JOURNAL ARTICLE

GOAL: To determine the utility of colonoscopy in the management of patients with abdominal pain found to have colonic thickening on computed tomography (CT).

BACKGROUND: CT is often used in the investigation of abdominal pain. Clinical guidelines regarding colonoscopy when colonic wall thickening is reported at CT are lacking.

STUDY: From July 2000 to April 2004, the abdominal CT reports of all patients at a major teaching hospital who were investigated for abdominal pain were reviewed. Cases were selected if any colonic wall thickening was reported. Patients were excluded if they had a previously diagnosed gastrointestinal condition, or if they had not undergone colonoscopy within 30 days of the abnormal CT. Clinical, endoscopic, and pathologic data were extracted from the medical records of all eligible patients.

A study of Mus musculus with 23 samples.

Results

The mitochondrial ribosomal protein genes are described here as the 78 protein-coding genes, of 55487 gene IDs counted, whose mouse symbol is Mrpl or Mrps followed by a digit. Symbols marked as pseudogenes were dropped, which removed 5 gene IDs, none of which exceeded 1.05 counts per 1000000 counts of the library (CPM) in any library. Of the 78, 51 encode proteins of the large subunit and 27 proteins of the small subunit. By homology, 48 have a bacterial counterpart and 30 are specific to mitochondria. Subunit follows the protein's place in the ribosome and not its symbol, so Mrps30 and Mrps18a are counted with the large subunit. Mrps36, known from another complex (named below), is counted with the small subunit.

RESULTS: One hundred seven cases were identified. Of these, 8 (7.4%) had colorectal adenocarcinoma. In 10 patients (9.3%), a new diagnosis of inflammatory bowel disease (IBD) was made. Sixteen (15.0%) had findings consistent with infectious colitis, 39 (36.4%) ischemic colitis, and 6 patients (5.6%) had miscellaneous findings possibly responsible for the colonic thickening (diverticulitis, appendicitis, proctitis, and melanosis coli). In 28 patients (26.1%), no abnormality was found that could explain the CT finding. Of those diagnosed with colorectal carcinoma or IBD, only 4 of the 18 patients (28%) presented with evidence of gastrointestinal bleeding or anemia.

CONCLUSIONS: On the basis of the rate of new diagnoses of colorectal carcinoma and IBD, we recommend colonoscopy be performed after clinical evaluation in patients with abdominal pain and colonic thickening on CT.